Onsite Pediatric Simulation Tests Skills, Emergency Response

June 6, 2019

Cooley Dickinson employees, from left, Respiratory Therapist Jason Kaiser; Emergency Department Physician Benjamin Steinberg, MD; and Respiratory Therapist Kurt Bahneman participate in a pediatric simulation exercise  recently.

Emergency responders and paramedics notify Cooley Dickinson’s Emergency Department whenever they are en route to the hospital with a patient. This alert, called an EMS notification, tells the ED staff what to expect and how to prepare for the incoming patient.

Recently, clinicians representing a variety of medical specialties at Cooley Dickinson “responded” to the following scenario:

A 5-year-old female was found without a pulse and not breathing in a pool. The mother left the child briefly to answer the phone. EMS personnel have been performing CPR for 5 minutes. No IV established; no meds have been given. Arriving in 1 minute.

While this “patient” didn’t arrive by ambulance this time, a Cooley Dickinson pediatric interdisciplinary response team had gathered and was ready to provide the life-saving care this patient would had needed had this been a real-life event.

Employees treat kids at Cooley Dickinson simulated four different pediatric emergencies recently, including the one above, thanks to a mobile simulation program that helps clinicians care for critically ill children in a clinical setting.

Preparing for Pediatric Emergencies
That program, led by a team from the Boston Medical Center COMET – Community Outreach Mobile Education Training – COMET Medical Director Barbara M. Walsh, MD, FAAP, and COMET Associate Program Director Marcie Gawel, MSN, MS, BS – simulated this drowning scenario and three others to help immerse staff in plausible pediatric emergencies in a learning environment.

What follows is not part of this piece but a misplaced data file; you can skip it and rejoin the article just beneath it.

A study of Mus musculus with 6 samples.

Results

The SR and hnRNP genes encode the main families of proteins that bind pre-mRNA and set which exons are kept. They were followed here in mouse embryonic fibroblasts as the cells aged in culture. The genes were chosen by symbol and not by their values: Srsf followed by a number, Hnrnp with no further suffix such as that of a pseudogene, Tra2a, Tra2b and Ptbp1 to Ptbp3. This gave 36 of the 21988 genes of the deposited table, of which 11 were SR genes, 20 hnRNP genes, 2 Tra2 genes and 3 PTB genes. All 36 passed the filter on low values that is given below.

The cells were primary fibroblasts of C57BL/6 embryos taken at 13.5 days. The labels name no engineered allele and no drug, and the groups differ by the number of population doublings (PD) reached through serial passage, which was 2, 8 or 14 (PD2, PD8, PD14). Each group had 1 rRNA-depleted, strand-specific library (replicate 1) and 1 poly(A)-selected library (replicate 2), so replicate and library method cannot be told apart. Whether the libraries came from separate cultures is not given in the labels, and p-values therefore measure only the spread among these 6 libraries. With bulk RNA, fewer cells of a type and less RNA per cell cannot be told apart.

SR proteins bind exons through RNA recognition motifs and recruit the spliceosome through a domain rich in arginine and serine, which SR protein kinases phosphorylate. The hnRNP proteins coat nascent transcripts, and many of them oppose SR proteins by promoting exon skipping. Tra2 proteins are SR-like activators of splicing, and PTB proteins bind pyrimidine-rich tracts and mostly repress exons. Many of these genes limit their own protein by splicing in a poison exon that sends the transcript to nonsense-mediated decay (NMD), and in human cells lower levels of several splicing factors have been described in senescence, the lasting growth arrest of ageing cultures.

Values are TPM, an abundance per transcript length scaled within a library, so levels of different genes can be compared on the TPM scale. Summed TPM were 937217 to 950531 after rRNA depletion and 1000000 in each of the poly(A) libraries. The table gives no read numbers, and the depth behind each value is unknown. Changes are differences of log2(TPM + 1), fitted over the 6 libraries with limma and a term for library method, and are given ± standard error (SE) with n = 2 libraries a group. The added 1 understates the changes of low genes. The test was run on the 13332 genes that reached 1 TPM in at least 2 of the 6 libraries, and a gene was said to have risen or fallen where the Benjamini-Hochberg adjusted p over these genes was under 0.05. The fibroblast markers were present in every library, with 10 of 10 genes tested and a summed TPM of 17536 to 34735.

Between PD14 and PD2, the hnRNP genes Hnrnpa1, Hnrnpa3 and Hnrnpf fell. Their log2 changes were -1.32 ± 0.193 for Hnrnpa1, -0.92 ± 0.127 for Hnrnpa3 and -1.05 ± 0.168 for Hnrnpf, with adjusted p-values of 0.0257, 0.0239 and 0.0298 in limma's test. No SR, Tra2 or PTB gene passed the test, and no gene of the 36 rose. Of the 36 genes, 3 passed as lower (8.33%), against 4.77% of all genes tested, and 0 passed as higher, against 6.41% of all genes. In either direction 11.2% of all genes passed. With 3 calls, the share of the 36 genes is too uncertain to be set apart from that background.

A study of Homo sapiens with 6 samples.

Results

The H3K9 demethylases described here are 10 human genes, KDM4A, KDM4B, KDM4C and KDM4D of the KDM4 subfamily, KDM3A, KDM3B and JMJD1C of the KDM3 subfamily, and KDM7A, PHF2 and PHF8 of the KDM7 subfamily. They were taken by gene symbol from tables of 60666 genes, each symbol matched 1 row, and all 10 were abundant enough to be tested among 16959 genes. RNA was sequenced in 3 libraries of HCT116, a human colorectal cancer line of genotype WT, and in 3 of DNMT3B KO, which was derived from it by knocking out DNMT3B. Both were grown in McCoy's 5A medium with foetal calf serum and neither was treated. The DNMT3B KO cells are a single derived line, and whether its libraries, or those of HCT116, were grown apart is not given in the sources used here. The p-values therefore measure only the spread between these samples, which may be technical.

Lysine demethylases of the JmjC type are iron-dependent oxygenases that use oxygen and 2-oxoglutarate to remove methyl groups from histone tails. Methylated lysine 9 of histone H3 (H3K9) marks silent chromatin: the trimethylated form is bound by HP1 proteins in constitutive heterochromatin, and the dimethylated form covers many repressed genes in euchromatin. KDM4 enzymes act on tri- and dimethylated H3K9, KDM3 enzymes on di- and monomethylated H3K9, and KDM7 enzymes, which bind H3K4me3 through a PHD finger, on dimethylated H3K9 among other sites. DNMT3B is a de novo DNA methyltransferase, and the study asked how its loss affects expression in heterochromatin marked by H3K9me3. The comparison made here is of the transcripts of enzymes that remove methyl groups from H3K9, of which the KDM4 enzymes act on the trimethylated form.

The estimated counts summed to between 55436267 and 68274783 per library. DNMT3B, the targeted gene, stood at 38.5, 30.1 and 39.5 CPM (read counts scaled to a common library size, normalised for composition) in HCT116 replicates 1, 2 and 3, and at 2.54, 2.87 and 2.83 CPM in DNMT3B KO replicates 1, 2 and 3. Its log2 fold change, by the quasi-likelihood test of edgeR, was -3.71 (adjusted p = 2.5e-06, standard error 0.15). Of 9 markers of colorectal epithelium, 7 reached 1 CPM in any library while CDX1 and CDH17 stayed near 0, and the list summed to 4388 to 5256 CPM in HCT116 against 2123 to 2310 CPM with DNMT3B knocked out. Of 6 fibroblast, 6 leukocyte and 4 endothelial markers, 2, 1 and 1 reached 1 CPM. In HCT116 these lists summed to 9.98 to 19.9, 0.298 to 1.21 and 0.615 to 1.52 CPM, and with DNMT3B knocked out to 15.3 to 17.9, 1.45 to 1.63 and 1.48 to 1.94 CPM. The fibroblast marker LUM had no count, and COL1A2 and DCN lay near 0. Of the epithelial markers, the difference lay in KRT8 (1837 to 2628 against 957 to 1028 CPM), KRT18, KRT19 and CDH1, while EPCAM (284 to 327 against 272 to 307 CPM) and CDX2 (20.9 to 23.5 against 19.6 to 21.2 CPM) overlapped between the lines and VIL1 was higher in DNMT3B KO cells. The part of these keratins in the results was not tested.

“Critically ill pediatric visits are a high risk/low-frequency event,” said Emergency Department Physician Khama Ennis, MD. These types of events are challenging to the most experienced care teams, yet “running scenarios like these using in-situ simulation allows the care team to be better prepared.

“We have always been able to care for these patients, but this training will enable us to do an even better job,” added Ennis.

A Multi-disciplinary Approach
Staff from the Emergency Department as well as the Childbirth Center, Pediatrics, Respiratory Therapy, Pharmacy and the Hospitalists program participated in the simulation training. Any code or resuscitation involves staff from multiple departments, all of whom have important roles.

Noted Ennis, “pediatric resuscitations especially often pull in support from the Childbirth Center and inpatient pediatrics who don’t normally spend much time in the ED. Additionally, since we do have an inpatient pediatric unit, it is important that they are able to care for patients if they become unstable upstairs on the unit.”

In addition to the educational component, the training allows staff to see our opportunities for improvement in materials and layout. Said Ennis, “we are also able to benefit from the insights of a team of instructors who have run this program in dozens of hospitals and gleaned best practices that they can share. If we can adopt some of their suggestions, the care we provide can only get better. We are able to strengthen our approaches to communication in critical scenarios.”

“We want the best for this community and its children.”
Ennis points to the increased frequency over recent years of simulation to improve education and preparedness for critical scenarios.

“Our patients, community and care teams will benefit from running this program,” she said. “We are very excited to have launched this simulation training as part of our goal to improve the care of pediatric patients at CDH.”

“While we hope we never have to use these skills, this training makes us better at what we do. We all want the best for this community and its children!”